Sunday, June 01, 2014

The Business Chat - 5 ways to kill your own success

“The economy is terrible! All those third world products! All the copying! No one appreciate handmade work! There are too many jewelers/soap makers/print makers/knitters for anyone to make money!”
We all dream of having a wildly successful little business don’t we? (That is why you’re reading this I assume.) Many of us will do just that, set up shop and work out way to our own version of success. And many will not. 
For some the dream just doesn’t seem to happen no matter what they do. The ones who don’t succeed are so busy blaming everything around them that they don’t realize most of the time, the blame for their failure is actually themselves. 
So often people sabotage their own success, without even realizing it.  
Here’s 5 things that self sabotagers do. 
1. All research no action. 
Ooh, wouldn’t it be great if you learnt how to -insert new skill here - before you did a show? And what about that book on marketing, you should read that first. Oh, and maybe you should buy and learn how to use accounting software? And web design? You can’t possible open an online shop until you learn how to code your website. Wait, there’s still lots to learn about marketing!
Argh, you can’t possible do anything until you’ve researched all there is to know in the universe! 
You’re right, there is a ton of stuff to know. Your little business is more than just making some pretty work. 
You will never know it all. That is not possible. 
At some point you are going to have to put down the books and just do it. 
You can’t succeed if you don’t start. 

2. Quitting too soon
“Well, I made some stuff, I took photos of a few of my best pieces and then I opened an Etsy shop. Only 1 piece sold in 3 months! I did one show, it was okay, but I didn’t sell nearly as much as the girl beside me and it was hard! So I closed up. You can’t make any money selling handmade work.” 
Oh sigh. 
If all it took to be successful was a few photos, and a handful of pretty things then the world would be jammed with success stories. There is no shortcut to success in the handmade world. Expecting overnight success is like someone picking up a guitar for the first time, playing a few times and then wondering why they aren’t selling millions of songs. EVERYTHING takes practice and business is no different. 
It takes time to learn the business of how to sell. Time to put together a really good collection of work, time to build up a clientele, to learn how to sell online, to selling at shows, to actually making a profit.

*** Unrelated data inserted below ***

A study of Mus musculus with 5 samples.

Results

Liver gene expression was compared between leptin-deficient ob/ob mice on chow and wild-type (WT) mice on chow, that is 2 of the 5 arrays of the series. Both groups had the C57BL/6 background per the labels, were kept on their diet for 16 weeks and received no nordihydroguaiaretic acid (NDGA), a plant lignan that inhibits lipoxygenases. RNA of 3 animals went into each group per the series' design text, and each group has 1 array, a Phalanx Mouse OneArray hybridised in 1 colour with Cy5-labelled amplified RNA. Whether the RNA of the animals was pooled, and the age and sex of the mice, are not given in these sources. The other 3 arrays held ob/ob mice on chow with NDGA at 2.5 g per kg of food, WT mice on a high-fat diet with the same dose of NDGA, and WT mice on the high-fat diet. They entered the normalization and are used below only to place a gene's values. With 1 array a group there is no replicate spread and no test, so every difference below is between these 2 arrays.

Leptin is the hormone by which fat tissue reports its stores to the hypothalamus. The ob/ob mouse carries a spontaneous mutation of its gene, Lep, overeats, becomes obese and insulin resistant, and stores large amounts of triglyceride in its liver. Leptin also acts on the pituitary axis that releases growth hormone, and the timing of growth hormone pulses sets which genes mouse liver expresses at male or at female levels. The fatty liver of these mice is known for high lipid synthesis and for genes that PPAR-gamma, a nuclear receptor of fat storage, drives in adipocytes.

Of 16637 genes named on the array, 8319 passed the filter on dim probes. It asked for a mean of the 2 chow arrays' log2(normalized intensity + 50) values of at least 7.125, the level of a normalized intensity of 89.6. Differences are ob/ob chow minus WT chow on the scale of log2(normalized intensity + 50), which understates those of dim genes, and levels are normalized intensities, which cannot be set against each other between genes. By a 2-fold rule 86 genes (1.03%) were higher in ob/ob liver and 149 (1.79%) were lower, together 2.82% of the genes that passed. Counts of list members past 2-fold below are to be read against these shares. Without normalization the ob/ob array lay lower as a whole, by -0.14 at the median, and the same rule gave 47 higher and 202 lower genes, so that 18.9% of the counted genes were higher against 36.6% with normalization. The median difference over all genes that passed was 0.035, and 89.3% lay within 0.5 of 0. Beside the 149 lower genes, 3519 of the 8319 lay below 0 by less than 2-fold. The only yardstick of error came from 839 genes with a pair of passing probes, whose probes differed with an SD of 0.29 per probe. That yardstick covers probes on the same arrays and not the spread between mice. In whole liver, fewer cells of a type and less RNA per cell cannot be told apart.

If you thought this was a quick way to get rich you’re in the wrong game. Buy a lottery ticket. 
When you are starting out you are up against people who have been doing this for years. What makes you think you can just jump the queue? 
If you’re not in it for the long haul, don’t start.

3. Looking for all the pitfalls. 
“I can’t put my work online, someone will copy it!” 
“In this economy? No way can you run a business these days.”
“Have you seen what it costs to be in a show? There’s no way you can make any money.”
There are a million things that can go wrong in your business venture! Spending your mental energy cataloging every possible pitfall will suck the lifeblood out of your success. 
YOU and only you are responsible for the success of your business. 
Focus on the positives and quit whining about the economy, your competitors, and all the other ways life can dump on you. No one wants to hear it. 
When life give you lemons, make lemonade. 
(or add vodka, either way you have a nice beverage.)  

4. Scattered attention
I know, you have SO many ideas it’s hard to pick one isn’t it? And so you pick several. Yes your jewelry is awesome, but so are your knitted scarves, and your painting, why not combine all 3? Or start 3 businesses?  
Because you can’t possible focus on 3 things at once. 
Especially when you’re starting out and most likely have a job as well, not to mention family, friends, and a life. What’s going to happen is that nothing will get the time and attention it deserves and when something has to go it will probably be the thing that isn’t making any money - your business. 
You can do it all, just not at the same time. Focus on one thing at a time. Especially during the beginning stages of your business when you have a lot to learn about running a business. 

5. Waiting for the stars to align and everything is perfect
Imagine this, your work is the best it can be, your website is amazing, your photos are world class and your product descriptions are riveting. The weather is guaranteed for your outdoor show and your booth display is awesome. Now imagine unicorns dancing around rainbows and showers of money falling from the sky because that is about as likely to happen as the first scene. 
Nothing is ever perfect. You can always improve and you will need to. 
Do the best you can all the time but get your work out there. Evolve as time goes on. 
Done is better than perfect. 

See anything in here that you can relate to? 

1 comment:

Janice said...

Excellent article! True of any business, not just the world of handmade.